What's In A Stadium Name?
Go through a list of vintage stadiums and you’ll find iconic names like Sportsman’s Park (St Louis), Shibe Park (Philly), Ebbets Field (Brooklyn), West Side Park (Chicago), etc.
With the exception of a few structures, the old venues designated after team owners and city neighborhoods are long gone, buried in the rich heap of ball park history.
Another step in the mass commercialization of professional sports, stadiums today are more apt to lease their names to private corporations. More than three-quarters of the existing franchises in MLB, NBA and NFL play in facilities associated with a well-known business brand.
Naming deals are typically 10 to 20-year term contracts with fixed annual payments. Advertisers can leverage their labels on an actual site such as CenturyLink Field in Seattle, or an event like the Emirates FA Cup in Britain.
For stadiums and events, selling naming rights can be a welcoming source of ancillary income. For advertisers, it’s a long-term marketing strategy aimed at maintaining and reinforcing a recognized brand.
In sports, commercial naming practices can be traced back to Fenway Park, which opened in 1912 in the Fenway section of Boston. Red Sox owner John Taylor also had an eye on promoting his real estate company, Fenway Realty, to the early throngs of baseball goers.
But it was Wrigley Field in Chicago (photo above) that started gracing stadiums with a corporate appellation. In 1926, chewing gum magnate William Wrigley acquired the Chicago Cubs baseball team and subsequently re-branded Cubs Park as Wrigley Field.
Foxboro Stadium, playground site of the old Boston Patriots, was an early example of a team that sold its naming rights to an entity not affiliated with the franchise. The sports facility opened in 1971 as Schaefer Stadium and was later renamed Sullivan Stadium before being demolished.
Reactions to the corporate branding of sports facilities have generally been supportive, especially if the buyer enjoys strong connections to the local community. Examples are the old Rich Stadium in Buffalo, Heinz Field in Pittsburgh and Coors Field in Denver.
In some instances, a private designation was deemed unacceptable. In 1953, August Busch, owner of the Anheuser-Busch beer company and the St Louis Cardinals, was pushed back by the commissioner of baseball when he proposed to rename Sportsman’s Park, Budweiser Stadium. The parties eventually settled on Busch Stadium.
Worldwide sporting events such as the FIFA World Cup, UEFA Euro, Olympic Games and the Paralympic Games prohibit the use of corporate-sponsored names, seeing it as a form of “ambush marketing”.
Naming transactions have only gotten more lucrative with time. Buffalo-based Rich Products paid $1.5 million per year when the gates opened at the Bills’ football stadium in 1972. Thirty-five years later, NYC's Citifield inked a brand exposure deal worth $20 million per annum, a record high that later followed with the Barclays Center.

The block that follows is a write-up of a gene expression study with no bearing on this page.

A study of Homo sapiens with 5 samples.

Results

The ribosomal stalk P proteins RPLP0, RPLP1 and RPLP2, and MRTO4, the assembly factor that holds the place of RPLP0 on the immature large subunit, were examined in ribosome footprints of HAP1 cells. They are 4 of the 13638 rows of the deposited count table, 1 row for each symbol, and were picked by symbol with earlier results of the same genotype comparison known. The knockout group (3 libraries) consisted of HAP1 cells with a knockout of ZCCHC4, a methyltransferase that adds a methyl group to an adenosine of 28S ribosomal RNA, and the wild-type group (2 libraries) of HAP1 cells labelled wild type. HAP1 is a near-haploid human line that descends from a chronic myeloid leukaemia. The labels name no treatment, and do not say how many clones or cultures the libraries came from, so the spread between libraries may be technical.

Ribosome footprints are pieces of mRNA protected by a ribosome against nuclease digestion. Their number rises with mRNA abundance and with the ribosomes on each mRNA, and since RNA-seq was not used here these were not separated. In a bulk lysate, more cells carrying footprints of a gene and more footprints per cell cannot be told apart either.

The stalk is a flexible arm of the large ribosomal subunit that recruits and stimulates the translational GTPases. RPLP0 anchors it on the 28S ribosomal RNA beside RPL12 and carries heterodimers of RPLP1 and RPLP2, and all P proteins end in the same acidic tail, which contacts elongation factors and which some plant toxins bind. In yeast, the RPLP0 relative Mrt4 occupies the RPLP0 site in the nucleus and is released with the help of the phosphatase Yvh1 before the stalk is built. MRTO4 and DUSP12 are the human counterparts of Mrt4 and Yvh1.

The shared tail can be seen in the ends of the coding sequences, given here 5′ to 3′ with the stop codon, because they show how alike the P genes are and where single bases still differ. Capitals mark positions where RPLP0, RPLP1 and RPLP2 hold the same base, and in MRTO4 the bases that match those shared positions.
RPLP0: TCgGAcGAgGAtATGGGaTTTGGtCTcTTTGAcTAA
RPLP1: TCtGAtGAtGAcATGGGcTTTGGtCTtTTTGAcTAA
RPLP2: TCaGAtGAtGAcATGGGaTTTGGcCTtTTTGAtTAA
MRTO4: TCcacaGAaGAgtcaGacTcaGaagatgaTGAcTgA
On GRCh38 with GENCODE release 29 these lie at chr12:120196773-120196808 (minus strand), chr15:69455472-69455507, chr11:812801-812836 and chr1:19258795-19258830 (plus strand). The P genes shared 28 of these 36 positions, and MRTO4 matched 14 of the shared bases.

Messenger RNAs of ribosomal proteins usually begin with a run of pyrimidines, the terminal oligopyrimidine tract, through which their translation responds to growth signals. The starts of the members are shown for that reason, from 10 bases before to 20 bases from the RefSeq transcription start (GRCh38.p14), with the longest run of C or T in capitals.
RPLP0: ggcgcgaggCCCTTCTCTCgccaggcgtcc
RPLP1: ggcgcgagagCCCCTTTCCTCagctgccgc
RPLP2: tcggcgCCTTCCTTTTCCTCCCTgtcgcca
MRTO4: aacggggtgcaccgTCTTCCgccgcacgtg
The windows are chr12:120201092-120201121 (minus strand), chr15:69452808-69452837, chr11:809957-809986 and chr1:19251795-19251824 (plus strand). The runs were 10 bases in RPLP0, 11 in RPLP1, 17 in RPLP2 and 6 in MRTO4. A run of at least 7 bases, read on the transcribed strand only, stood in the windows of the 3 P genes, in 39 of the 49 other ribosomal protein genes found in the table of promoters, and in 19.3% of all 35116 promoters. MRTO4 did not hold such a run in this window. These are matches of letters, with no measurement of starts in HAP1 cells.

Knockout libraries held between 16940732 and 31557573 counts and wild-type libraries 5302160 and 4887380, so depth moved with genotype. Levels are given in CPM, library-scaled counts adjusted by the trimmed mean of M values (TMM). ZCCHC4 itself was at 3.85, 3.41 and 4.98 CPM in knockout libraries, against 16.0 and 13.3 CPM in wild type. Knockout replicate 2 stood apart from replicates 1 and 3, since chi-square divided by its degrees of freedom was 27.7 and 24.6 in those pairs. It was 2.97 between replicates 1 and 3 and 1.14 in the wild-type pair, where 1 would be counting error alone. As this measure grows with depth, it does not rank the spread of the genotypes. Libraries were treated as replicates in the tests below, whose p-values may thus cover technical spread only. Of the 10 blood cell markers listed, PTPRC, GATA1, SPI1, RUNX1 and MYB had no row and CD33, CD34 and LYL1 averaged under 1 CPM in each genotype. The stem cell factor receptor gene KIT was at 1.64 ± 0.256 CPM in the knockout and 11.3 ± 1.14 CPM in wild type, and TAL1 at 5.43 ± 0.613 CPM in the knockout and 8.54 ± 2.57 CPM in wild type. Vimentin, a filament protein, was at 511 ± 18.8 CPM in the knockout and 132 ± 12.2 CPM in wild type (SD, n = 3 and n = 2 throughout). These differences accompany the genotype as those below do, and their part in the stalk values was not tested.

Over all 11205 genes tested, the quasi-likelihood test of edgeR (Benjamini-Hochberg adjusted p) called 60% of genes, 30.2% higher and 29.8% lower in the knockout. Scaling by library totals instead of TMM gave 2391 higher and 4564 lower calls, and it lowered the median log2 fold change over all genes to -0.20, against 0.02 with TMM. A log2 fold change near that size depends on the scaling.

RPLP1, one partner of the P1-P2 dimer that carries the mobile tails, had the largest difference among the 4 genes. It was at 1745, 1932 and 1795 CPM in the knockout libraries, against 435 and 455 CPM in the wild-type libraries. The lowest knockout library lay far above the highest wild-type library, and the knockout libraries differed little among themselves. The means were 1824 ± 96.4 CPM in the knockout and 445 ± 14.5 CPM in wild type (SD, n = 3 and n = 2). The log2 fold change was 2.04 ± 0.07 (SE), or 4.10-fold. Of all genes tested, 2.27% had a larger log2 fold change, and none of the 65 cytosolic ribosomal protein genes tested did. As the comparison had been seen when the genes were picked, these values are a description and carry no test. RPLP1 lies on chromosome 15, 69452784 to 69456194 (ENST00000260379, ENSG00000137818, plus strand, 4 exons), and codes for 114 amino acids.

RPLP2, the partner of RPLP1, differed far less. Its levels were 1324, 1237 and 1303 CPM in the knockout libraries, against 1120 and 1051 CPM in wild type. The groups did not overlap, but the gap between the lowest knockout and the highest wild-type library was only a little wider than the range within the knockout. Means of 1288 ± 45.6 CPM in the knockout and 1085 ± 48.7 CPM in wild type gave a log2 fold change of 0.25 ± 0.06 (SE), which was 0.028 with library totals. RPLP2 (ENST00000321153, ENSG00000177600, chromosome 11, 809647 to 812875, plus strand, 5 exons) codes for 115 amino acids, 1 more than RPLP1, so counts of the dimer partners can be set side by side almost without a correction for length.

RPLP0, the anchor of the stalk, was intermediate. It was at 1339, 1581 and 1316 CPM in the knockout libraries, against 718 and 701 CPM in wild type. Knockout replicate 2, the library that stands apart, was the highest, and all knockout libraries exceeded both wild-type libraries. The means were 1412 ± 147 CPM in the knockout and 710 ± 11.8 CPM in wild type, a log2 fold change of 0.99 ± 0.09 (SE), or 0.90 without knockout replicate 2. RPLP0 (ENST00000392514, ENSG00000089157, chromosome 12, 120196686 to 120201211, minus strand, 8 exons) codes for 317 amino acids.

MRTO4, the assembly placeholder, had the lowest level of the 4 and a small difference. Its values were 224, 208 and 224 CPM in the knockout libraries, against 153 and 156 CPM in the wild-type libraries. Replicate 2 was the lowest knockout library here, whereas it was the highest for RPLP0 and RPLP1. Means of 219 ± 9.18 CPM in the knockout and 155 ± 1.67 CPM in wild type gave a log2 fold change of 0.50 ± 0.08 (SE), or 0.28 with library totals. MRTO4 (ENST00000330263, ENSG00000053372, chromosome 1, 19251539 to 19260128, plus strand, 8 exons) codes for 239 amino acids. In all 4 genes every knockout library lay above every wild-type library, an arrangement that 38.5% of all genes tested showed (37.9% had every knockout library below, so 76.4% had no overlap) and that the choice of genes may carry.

With the globalization of sports, corporate logo rights continue to point upwards towards ever growing windfall profits. The future home of the Los Angeles Rams and the renovated stadium for Spain's Barcelona FC are both bidding out naming rights for $30 million a year.
Fortunately, some storied venues have retained their historic designations- Yankee Stadium, Dodger Stadium, Fenway Park.
But as the top three wealthiest clubs in professional baseball, those teams can afford to carry the tradition.
AUTO RACING May 24, 2009 Brazil’s Helio Castroneves wins the 93rd edition of the Indianapolis 500, becoming the first foreign-born driver to claim the famed chase three times (2001, 2002). Starting out from pole position in car #3, Castroneves clocked the 200-lap race in 3:19:35. Placing 2nd at the 500 in 2003, 2014 and 2017, Castrovenes is regarded as the best driver who never won an IndyCar Series championship.
RUNNING May 18, 1999 American running champion Betty Robinson dies at the age of 87. The Riverdale, Illinois native was the first female to win gold at the 100m sprint when the race was introduced to women at the 1928 Olympics in Amsterdam. She went on to claim gold again in the 4 x 100m relay at the 1936 Olympics in Berlin after the heavily favored Germans, who were leading, dropped the baton.
HORSE RACING May 20, 1989 Pat Valenzuela wins the Preakness Stakes aboard Sunday Silence, crossing the finish line in a time of 1:538 and edging out rival Easy Goer by just a nose. Both jockey and horse had won the Kentucky Derby earlier, but would miss out on a Triple Crown three weeks later at the Belmont Stakes after trailing Easy Goer by eight lengths.
BASEBALL May 16, 1979 The NL approves the sale of the Houston Astros by the Ford Motor Company (Credit) to John McMullen. The team would sign up pitcher Nolan Ryan, baseball’s first $1 million contract, and go on to reach the playoffs the following year for the first time in franchise history. Founded as the Houston Colt .45’s, the Astros were renamed in 1965 as a reference to the nation’s space center.